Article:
Algerian Renewable Energies Company (Shaems) has invited firms to bid by 30 April for the contracts to develop up to 1,000MW of solar photovoltaic (PC) schemes in the North African country.
Shaems will follow a two-step tender evaluation process, which starts with the opening of the technical offers.
This will be followed by the opening of financial offers at a later date of bidders whose technical proposals passed the initial evaluation phase.
Shaems is a division of Algeria’s Energy Transition and Renewable Energies Ministry charged to oversee the tendering process and allocate the solar PV project sites to successful bidders.
It will also own an equity in the special purpose vehicles (SPV) responsible for each project’s development, financing, design, construction, operation and maintenance.
How well do you really know your competitors?
Access the most comprehensive Company Profiles on the market, powered by GlobalData. Save hours of research. Gain competitive edge.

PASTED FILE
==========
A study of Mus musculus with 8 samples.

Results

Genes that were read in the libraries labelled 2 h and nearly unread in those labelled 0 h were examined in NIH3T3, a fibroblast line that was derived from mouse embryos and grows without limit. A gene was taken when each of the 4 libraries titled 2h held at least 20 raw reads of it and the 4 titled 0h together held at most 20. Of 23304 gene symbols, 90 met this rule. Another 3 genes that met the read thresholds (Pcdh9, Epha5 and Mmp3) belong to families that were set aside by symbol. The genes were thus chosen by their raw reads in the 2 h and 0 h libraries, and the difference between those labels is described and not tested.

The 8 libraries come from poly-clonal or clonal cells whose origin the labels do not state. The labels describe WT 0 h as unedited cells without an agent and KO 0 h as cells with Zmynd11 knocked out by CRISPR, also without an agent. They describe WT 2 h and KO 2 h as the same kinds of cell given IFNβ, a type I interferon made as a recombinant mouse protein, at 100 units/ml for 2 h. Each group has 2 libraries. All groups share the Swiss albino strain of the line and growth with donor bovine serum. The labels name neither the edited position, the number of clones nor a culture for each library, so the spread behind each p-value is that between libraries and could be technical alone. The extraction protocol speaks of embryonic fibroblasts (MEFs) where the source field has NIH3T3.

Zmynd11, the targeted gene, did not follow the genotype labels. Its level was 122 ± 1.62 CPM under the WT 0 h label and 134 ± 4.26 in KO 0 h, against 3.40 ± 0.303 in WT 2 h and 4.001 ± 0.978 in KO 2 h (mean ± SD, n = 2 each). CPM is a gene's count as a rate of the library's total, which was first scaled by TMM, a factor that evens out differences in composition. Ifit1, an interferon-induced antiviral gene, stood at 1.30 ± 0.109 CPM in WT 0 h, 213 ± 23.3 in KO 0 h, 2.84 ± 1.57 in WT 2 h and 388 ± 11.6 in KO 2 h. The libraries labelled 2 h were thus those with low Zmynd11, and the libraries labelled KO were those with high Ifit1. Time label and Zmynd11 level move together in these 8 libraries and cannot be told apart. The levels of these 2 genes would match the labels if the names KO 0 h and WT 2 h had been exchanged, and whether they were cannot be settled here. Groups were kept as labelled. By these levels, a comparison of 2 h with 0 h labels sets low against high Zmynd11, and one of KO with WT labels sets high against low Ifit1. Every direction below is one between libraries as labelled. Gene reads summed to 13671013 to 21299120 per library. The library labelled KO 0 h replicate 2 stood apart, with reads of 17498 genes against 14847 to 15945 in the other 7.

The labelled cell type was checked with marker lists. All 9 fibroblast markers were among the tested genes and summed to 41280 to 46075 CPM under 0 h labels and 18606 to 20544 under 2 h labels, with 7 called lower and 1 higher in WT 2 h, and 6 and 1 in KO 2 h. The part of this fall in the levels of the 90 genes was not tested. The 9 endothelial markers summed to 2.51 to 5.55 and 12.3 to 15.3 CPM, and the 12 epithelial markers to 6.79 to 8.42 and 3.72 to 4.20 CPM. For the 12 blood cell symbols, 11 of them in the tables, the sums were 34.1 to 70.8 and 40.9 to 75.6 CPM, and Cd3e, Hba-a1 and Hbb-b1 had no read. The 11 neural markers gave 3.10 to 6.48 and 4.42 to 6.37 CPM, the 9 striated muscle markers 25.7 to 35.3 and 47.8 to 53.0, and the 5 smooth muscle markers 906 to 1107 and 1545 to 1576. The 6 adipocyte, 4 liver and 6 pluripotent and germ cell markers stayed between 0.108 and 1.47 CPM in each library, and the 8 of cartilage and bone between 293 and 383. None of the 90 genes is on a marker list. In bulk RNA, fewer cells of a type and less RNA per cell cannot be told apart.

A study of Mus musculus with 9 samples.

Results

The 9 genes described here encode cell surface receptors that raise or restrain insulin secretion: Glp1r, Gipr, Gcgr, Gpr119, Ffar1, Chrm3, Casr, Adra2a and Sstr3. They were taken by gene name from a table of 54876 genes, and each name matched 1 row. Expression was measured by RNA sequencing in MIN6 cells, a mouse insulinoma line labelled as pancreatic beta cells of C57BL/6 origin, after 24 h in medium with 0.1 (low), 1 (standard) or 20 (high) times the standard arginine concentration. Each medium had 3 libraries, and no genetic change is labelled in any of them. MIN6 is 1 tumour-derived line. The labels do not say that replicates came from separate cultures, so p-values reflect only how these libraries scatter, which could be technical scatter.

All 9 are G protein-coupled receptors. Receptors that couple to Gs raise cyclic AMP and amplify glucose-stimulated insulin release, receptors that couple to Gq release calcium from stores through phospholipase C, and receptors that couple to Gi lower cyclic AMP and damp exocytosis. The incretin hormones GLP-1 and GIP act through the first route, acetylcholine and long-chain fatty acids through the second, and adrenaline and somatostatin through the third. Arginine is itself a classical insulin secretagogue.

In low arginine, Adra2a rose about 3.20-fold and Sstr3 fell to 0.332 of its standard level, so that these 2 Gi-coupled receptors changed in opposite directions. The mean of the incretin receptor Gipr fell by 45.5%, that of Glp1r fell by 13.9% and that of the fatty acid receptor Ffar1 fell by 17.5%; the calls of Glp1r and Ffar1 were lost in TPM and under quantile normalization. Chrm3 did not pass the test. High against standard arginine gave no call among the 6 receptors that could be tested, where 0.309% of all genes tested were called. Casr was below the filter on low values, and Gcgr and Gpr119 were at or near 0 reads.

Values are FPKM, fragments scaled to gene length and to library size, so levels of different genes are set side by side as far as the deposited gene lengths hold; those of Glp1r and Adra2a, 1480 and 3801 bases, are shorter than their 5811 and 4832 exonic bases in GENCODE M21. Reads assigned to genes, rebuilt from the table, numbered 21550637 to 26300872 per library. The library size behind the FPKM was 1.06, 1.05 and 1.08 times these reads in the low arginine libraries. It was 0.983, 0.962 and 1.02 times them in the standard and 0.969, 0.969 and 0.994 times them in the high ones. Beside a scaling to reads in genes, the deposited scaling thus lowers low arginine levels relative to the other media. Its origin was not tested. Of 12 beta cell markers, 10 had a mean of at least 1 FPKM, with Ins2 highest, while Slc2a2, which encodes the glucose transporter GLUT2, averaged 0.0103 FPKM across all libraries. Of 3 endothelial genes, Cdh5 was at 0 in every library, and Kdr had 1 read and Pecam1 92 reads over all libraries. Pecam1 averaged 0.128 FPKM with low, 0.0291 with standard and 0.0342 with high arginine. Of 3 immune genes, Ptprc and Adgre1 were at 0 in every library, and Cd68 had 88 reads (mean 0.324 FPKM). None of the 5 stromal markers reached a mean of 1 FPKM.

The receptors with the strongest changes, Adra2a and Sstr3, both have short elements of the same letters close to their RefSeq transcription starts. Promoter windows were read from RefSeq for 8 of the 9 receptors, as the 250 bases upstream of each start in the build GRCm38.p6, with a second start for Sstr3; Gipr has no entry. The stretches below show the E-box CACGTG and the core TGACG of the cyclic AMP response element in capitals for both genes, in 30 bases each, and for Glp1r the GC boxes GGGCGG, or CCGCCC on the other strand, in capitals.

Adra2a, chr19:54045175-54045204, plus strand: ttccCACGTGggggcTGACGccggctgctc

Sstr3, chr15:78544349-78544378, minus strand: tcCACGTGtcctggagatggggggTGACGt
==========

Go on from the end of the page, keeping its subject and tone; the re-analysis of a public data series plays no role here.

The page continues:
Your download email will arrive shortly
Not ready to buy yet? Download a free sample
We are confident about the unique quality of our Company Profiles. However, we want you to make the most beneficial decision for your business, so we offer a free sample that you can download by submitting the below formBy GlobalData
The SPVs are expected to sign a 25-year power purchase agreement (PPA) with the designated purchaser of the renewable power produced in each plant.
The scheme will be split into batches with capacities of between 50MW and 300MW each.
This is slightly different from the previously announced plan to split the project, called Tafouk 1, into ten 100MW schemes.
Algeria expects the project to generate between $3.2bn and $3.6bn in investment.
Algeria’s installed solar PV capacity as of the end of 2019 stood at 458MW, or roughly 2% of the total installed power generation capacity.
The country’s National Renewable Energy and Efficiency Development Plan, announced in 2015, aims to increase the domestic renewable generation capacity to 22GW, or 27% of the total domestic generation capacity, by 2030.
Solar PV is expected to contribute more than 13.5GW of the total.
A major new report from MEED looks at how the global shift away from fossil fuels is reshaping energy policy in the Middle East and North Africa, and its impact on business and project investment.
This article is published by MEED, the world’s leading source of business intelligence about the Middle East. MEED provides exclusive news, data and analysis on the Middle East every day. For access to MEED’s Middle East business intelligence, subscribe here.